Are the Provinces Really Shortchanged by Federal Transfers?
In recent years, government officials from several provinces and a number of commentators have suggested that inadequate transfers from the federal government are a contributing factor to the persistent deficits that exist in several provinces. This study steps away from the political rhetoric and examines data on federal transfers to the provinces to assess whether these transfers have been growing or shrinking in recent years, and at what rate. It also compares the rate of growth for federal transfers to other metrics—including spending growth, own-source revenue growth, and the combination of inflation and population growth—to begin to assess the validity of claims that inadequate federal transfers are partially responsible for the fiscal challenges facing many provinces.
The study finds that federal transfers to the provinces and territories have grown substantially in recent years, increasing by 62.3 percent from 2005/06 to 2015/16—a rate much higher than would have been required to keep pace with inflation and population growth. Furthermore, the share of all provincial revenues that come in the form of transfers from Ottawa has increased significantly between 2005/06 and 2015/16.
Contrary to claims that federal transfers to the provinces are inadequate, the study finds that major federal transfers to the provinces and territories are currently higher on an inflation-adjusted per-capita basis than at any other point in Canadian history (see figure). The most important reason for the persistence of budget deficits at the provincial level in Canada has been significant spending growth over the past decade. Provincial program spending increased by 56.1 percent during this timeframe, whereas spending would only have needed to increase by 31.6 percent to offset the effects of inflation and population growth. Spending growth, which has dramatically outstripped own-source revenues and inflation plus population growth, is the primary cause of persistent deficits in the provinces, not inadequate federal transfers.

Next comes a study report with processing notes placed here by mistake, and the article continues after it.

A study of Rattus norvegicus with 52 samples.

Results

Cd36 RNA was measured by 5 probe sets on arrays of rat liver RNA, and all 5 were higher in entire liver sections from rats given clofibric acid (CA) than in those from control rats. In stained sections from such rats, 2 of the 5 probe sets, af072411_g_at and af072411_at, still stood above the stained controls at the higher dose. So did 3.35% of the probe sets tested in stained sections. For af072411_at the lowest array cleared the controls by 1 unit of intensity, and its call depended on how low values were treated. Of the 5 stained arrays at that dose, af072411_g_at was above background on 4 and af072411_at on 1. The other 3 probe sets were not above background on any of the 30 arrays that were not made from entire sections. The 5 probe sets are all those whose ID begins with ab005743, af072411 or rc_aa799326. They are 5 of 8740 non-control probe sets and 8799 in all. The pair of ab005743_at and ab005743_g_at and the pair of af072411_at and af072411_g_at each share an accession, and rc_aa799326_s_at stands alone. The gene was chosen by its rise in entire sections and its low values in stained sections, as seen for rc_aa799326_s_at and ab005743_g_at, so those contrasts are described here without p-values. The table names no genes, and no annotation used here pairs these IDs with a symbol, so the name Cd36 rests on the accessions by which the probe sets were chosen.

After discussing trends on aggregate transfers to the provinces, the study turns to recent developments surrounding transfer payments to specific provinces, identifying the jurisdictions that have experienced particularly rapid growth in federal transfers and discussing the reasons for these trends. In both nominal and real per-capita terms, transfer payments to Alberta, Quebec, and Ontario have increased at a significantly faster rate than transfers to other provinces.
The rapid increase in transfers to Ontario is primarily a function of that province becoming a “have-not province,” which means that since 2008/09, Ontario has been receiving equalization payments. Ontario’s transition to a have-not jurisdiction and the substantial resulting increase in transfers to the country’s largest province has had a number of important implications. Federal transfers to Ontario increased by 87.8 percent between 2005/06, far faster than the rate of transfer growth for the country as a whole, and also far faster than a number of relevant metrics including GDP, inflation plus population growth, and provincial own-source revenue. Whereas federal transfers represented 12.0 percent of Ontario’s revenue in 2005/06, that figure had climbed to 16.4 percent in 2015/16.